The Delaware Invasive Species Council’s annual meeting covers a full range of invasive species, including aquatic and terrestrial plants, animals and pathogens that impact native species and threaten Delaware’s natural resources, economy, an quality of life. Join government agencies, academic institutions, non-profit organizations, community leaders and others in strengthening awareness of invasive species prevention and management through information sharing and collaboration at the meeting!
For the afternoon sessions we have coordinated with our partners to provide field tours. See below for field tour descriptions (or download a PDF) and make your selection when you register. Space on each tour will be limited, so please only attend the field trip you sign up for during registration.
Registration opens at 8:00 am and the conference will kick off at 8:30am sharp. Lunch is included in registration fee.
Space is limited. Registration at the door not available.
Brandywine Creek State Park: Come along with us through meadow and forest at Brandywine Creek State Park. Hop a hay wagon at the nature center and learn about meadow management in the park and how we are working to control invasive species in the meadows using tools including mowing, herbicide, fire, and grazing. We will hike through Tulip Tree Woods and explore the restoration of the nature preserve and compare it to the younger forest outside the preserve’s boundaries. Ending back at the nature center, explore the start of a pollinator garden project led by volunteers and discuss future restoration projects in the park.
Mt. Cuba: Visit Mt. Cuba’s Greg Tract, lovingly referred to as Zone 9 for a guided wagon tour of their latest natural lands project. Mt. Cuba Center conserves natural lands in order to promote ecosystem health and function, to support environmental education and scientific research, and to maintain the character of the regional landscape. Mt Cuba actively turns large parcels of farmland back into native forest. The reforestation of 50 aces on this site will increase the neighboring parcels’ core forests working to reducing edge habitat and increasing biodiversity. Reforestation is an effective and progressive method of invasive species control. By developing a continuous canopy, thus blocking sunlight to the ground, unwanted plant species can be controlled all while creating excellent habitat for many interior forest species, like the wood thrush. Other invasive species control methods such as fire used in open meadows will be discussed. The tour will also cover plans to increase habitat by 70 acres for ground nesting birds and there is a beautiful view of the pollinator support meadow at the top of the hill. This tour will last approximately 1.5hrs and led by Mt. Cuba Natural Lands Steward, George Schurter.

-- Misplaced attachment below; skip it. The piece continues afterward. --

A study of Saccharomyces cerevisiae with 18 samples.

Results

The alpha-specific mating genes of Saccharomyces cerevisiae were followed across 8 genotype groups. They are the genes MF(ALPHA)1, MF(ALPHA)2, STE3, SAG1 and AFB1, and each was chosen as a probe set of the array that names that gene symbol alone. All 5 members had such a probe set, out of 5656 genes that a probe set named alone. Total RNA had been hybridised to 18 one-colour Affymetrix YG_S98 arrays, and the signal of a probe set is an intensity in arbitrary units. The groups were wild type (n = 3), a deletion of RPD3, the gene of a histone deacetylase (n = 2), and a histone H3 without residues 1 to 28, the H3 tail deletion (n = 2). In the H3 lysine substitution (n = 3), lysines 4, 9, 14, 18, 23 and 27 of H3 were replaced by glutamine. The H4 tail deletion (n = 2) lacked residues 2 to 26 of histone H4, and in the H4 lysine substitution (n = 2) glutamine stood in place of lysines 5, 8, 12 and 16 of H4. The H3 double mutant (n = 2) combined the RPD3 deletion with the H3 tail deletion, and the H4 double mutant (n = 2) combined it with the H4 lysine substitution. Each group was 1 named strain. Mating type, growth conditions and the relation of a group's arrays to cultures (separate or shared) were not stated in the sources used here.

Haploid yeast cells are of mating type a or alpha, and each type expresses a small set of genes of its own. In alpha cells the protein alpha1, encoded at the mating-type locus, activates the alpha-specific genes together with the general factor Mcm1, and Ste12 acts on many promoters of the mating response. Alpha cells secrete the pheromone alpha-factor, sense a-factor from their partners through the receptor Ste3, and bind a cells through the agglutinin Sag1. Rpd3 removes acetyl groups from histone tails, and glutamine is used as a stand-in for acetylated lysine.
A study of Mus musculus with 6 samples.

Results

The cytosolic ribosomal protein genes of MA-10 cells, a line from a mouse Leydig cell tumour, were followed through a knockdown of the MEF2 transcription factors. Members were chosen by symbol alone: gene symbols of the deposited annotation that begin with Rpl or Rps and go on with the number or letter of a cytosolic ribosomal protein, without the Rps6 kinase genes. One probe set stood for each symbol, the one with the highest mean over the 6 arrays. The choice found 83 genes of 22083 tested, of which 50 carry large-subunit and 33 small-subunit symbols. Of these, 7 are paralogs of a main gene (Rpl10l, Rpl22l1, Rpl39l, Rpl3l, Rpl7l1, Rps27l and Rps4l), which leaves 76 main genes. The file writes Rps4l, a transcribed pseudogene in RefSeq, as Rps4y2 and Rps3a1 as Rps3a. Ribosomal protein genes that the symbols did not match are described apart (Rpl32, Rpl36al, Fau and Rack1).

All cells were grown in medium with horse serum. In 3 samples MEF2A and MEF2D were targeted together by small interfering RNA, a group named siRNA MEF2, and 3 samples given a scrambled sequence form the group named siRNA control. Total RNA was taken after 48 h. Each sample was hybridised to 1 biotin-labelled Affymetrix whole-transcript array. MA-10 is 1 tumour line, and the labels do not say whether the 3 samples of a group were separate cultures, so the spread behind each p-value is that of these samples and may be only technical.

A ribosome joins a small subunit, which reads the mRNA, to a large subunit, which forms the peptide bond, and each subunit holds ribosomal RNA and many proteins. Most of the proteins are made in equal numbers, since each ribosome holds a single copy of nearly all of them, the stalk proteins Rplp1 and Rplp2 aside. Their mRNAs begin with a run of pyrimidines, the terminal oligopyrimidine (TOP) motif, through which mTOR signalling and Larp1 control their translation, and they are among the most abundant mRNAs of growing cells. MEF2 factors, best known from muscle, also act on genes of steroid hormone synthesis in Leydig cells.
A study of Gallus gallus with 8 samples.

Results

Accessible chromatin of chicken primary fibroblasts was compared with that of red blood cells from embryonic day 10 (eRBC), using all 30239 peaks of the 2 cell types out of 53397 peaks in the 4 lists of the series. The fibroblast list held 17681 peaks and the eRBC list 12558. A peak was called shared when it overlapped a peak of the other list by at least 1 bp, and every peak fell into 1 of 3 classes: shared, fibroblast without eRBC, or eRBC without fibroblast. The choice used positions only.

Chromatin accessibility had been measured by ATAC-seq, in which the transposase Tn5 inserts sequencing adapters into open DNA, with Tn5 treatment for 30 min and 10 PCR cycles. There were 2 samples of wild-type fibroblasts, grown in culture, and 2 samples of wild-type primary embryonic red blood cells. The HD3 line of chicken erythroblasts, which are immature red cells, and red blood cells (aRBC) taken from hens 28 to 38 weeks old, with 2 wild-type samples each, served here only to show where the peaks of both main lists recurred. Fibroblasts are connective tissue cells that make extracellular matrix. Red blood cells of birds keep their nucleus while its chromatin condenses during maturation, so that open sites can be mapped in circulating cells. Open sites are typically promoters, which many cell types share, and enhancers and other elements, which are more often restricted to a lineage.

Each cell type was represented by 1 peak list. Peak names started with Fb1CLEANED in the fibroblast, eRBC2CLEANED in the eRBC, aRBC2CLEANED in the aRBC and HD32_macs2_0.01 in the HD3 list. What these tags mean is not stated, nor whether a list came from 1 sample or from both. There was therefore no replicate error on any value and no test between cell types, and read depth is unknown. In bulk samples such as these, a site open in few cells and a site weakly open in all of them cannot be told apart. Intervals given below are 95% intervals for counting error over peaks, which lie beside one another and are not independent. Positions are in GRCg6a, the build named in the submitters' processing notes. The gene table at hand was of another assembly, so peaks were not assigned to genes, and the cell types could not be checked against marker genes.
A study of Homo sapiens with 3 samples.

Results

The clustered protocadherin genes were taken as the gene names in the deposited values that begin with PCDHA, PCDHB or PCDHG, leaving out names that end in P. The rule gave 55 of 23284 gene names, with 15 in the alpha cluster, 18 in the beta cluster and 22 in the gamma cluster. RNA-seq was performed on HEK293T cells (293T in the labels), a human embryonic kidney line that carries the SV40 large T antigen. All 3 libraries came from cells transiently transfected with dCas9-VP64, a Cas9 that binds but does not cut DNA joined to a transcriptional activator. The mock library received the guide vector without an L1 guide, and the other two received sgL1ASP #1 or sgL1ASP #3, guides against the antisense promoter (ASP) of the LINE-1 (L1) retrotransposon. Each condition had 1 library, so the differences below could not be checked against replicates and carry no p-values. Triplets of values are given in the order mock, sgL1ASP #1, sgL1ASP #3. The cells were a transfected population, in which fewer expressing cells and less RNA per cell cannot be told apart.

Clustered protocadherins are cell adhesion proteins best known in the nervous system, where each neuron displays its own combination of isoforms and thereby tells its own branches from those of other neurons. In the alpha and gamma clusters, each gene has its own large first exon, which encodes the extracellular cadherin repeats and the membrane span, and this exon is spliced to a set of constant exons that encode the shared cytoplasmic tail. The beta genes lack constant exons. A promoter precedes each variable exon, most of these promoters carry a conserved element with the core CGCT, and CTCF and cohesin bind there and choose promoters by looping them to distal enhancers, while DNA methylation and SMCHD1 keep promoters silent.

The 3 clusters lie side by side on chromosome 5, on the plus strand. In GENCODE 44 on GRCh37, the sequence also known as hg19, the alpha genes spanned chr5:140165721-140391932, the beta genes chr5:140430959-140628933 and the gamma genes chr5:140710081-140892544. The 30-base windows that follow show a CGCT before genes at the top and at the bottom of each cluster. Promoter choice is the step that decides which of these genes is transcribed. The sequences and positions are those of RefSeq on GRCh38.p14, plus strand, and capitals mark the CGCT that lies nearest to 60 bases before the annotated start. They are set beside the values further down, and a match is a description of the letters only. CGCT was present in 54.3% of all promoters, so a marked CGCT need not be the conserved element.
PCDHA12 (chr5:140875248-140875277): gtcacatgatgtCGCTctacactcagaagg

Winterthur: Join Winterthur’s Natural Lands staff for a hay wagon tour of Browns Woods Meadow and Upper Armour Meadow. Browns Woods Meadow, visible from Winterthur’s famous garden, is managed using a variety of practices. A combination of mowing, herbicide treatment, seeding and planting, are used to gradually improve the meadow for wildlife- specifically pollinator- habitat. Redtail Restoration is contracted to perform much of the invasive species treatment, and the Bee Watchers program has planted pollinator plots within the meadow, in addition to monitoring pollinator activity throughout the meadow. The tour will pass by the adjacent Browns Woods, where Winterthur’s herd of Boer goats have been used to control invasive shrubs. The second stop of the tour will be Upper Armour Meadow. This meadow was burned in 2017 for invasive and woody plant suppression. After the burn, there was a resurgence of uncommon orchids, specifically Platanthera lacera and Spiranthes lacera, as well as Green Milkweed, Asclepias viridiflora. This meadow was identified by American Birding Association staff as quality American Kestrel habitat, and a nesting box was installed in 2016. In addition, about ¼ of the meadow has been converted to a reforestation zone, which will attempt to create a corridor between two forest patches. The tour should last 1-1.5 hours. Parking is available in the main Visitor Lot.
Coverdale Farm: Visit the Coverdale Farm Preserve and tour the Burrows Run Nature Preserve. The Delaware Nature Society has managed this 200-acre Nature Preserve for native biodiversity since 1991. The group will visit open meadows, wetlands and restored woodlands where we will discuss management strategies that have been used to maintain, improve and create these important habitats. We will focus on our efforts to control invasive alien plants both mechanically and chemically. The tour will be led by Dave Pro and Jim White.